TTT Review: The Incredibles

As I begin to scale this website to include coverage of animated films I thought I’d begin to review what films I watch regardless of how old they are in order to pull together a sort of Archive of Animated Movies and my thoughts on them. 
The Incredibles was released way back in 2004 and much like other animated movies from Pixar, it’s aged well and still holds up as a visually stunning movie. The movie was Brad Bird’s first at Pixar and he has since gone on to direct Ratatouille and a Mission Impossible film. Slightly more pertinent to this post, he will go on to direct The Incredibles 2 to be released in 2018. 
The Incredibles follows the story of a family consisting of two school aged children a baby and a couple of Super Parents. Given that since this movie has come out the number of Super Heroes that hit the silver screen has likely increased ten fold, the story is still original and whilst managing to capture the tedium of modern “cubicle life”, manages to go deeply into the mindset of each of the main characters. 
The protagonist Mr Incredible (Bob) is essentially a disgraced super hero that struggles with a midlife crisis, having been removed from active duty before rediscovering himself through a series of missions on a secret island. The film is a rolled coaster ride through his strengths and vulnerabilities.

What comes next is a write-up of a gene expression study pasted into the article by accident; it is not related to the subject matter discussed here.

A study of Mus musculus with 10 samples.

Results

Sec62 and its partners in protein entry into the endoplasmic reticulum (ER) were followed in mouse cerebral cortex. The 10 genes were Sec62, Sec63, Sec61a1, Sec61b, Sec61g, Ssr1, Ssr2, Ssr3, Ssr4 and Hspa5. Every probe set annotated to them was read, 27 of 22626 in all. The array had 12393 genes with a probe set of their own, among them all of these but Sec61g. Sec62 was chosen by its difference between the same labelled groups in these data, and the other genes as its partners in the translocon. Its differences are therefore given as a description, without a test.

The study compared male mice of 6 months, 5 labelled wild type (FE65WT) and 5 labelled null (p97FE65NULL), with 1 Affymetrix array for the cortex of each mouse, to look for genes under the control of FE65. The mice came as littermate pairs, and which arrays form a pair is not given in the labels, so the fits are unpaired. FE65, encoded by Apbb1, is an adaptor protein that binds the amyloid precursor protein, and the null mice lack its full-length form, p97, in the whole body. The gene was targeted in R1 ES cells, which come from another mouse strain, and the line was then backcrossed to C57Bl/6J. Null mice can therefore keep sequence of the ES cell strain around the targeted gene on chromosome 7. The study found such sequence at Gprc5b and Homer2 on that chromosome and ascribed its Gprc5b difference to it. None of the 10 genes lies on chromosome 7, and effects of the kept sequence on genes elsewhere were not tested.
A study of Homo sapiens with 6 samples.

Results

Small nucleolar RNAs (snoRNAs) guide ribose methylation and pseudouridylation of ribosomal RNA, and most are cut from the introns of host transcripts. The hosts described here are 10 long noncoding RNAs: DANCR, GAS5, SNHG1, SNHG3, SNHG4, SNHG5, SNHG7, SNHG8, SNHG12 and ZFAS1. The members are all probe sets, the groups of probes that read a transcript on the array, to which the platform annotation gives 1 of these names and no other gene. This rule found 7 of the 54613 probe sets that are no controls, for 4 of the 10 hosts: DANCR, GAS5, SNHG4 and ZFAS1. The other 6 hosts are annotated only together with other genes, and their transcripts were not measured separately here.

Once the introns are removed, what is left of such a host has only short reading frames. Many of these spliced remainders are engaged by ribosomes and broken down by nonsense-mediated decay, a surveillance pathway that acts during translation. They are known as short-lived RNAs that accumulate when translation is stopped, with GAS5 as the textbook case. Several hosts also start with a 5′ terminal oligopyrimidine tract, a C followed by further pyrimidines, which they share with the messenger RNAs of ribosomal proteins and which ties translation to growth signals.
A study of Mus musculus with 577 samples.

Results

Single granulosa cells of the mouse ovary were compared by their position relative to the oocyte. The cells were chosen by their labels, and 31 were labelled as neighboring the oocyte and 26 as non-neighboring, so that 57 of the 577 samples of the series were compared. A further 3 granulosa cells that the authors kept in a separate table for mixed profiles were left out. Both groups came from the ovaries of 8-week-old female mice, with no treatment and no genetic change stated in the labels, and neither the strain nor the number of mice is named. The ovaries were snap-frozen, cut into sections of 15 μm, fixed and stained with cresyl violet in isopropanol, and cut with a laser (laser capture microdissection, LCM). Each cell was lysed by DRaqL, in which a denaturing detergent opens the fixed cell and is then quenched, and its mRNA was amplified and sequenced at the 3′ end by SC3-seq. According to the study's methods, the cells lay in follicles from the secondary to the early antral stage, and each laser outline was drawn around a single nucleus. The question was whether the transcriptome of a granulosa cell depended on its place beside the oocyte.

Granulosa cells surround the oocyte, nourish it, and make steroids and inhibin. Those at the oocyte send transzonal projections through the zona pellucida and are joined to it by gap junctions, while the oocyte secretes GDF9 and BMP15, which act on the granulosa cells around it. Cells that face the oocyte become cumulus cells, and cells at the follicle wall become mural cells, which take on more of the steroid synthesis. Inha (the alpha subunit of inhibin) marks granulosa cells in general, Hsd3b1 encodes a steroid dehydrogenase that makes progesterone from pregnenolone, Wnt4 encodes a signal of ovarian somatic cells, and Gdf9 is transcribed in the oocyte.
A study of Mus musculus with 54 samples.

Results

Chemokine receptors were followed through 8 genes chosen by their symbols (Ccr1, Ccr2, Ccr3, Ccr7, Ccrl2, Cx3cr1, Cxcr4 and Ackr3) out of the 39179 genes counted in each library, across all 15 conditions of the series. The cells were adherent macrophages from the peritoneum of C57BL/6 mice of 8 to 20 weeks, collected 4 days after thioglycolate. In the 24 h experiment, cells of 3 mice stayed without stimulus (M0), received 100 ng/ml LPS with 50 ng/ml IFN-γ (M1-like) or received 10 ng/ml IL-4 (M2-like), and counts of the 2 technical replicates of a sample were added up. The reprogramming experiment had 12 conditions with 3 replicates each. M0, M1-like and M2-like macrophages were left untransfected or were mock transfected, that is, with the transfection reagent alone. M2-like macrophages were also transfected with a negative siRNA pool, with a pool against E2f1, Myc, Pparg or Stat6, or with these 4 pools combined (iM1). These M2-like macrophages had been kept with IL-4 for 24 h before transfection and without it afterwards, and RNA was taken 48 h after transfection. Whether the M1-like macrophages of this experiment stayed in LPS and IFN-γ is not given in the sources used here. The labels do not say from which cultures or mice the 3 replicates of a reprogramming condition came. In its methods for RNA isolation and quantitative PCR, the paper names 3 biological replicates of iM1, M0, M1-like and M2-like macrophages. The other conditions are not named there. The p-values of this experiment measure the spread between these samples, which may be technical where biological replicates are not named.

The story manages to provide an accurate view of parenthood, family dysfunction and the aforementioned middle class struggle of managing the expectations of life in the suburbs. All this with the niche of a family of special talents. The villain comes in the form of a disenchanted child genius who wanted to work for good but was pushed aside by Mr Incredible during his fanboy years. The supporting characters in The Incredibles do not fall short at all. In the same way that Slinky and Mr Potato Head are as much a part of Toy Story as Woody and Buzz, Frozone and Edna Mode will always be as remembered as well as the main characters within the Incredibles family.
There are elements of the film that perhaps don’t look as good as they might if the film was rendered in 2017 (Such as the City Center) but I’m sure at the time the sets, the characters and all the animation was in true Pixar Fashion, stunning. Notably the detail of character hair, the lighting and shading and the clothing holds up pretty well by modern standards.
I think the best thing about this film is for those of us that have lived a fairly atypical family life it resonates throughout. Despite the extreme being that each of the family members is a super, there is still the sibling conflict, the rough days at work, the desire for something more. I hope these are elements that shine through in the sequel that we are expecting next year.
The incredibles is one of Pixars best in my opinion. Brad Bird has an eye for a strong story and whilst I’d say this film takes less risks that Ratatouille (another great film), it’s far and away better story wise than nearly all standard super hero movies being output from Marvel Studios. This is clear from the way it evokes emotion throughout without just relying on the “cool factor”. Not to say it doesn’t have that, Frozone is a clear nod towards the classic superhero style.
Looking back at a film 13 years after its released can often result in a different set of emotions and thoughts. Coming away from watching the Incredibles as a much older person the biggest difference was which characters I resonated with the most. What didn’t change is that I thoroughly enjoyed it throughout and believe it to have aged incredibly well.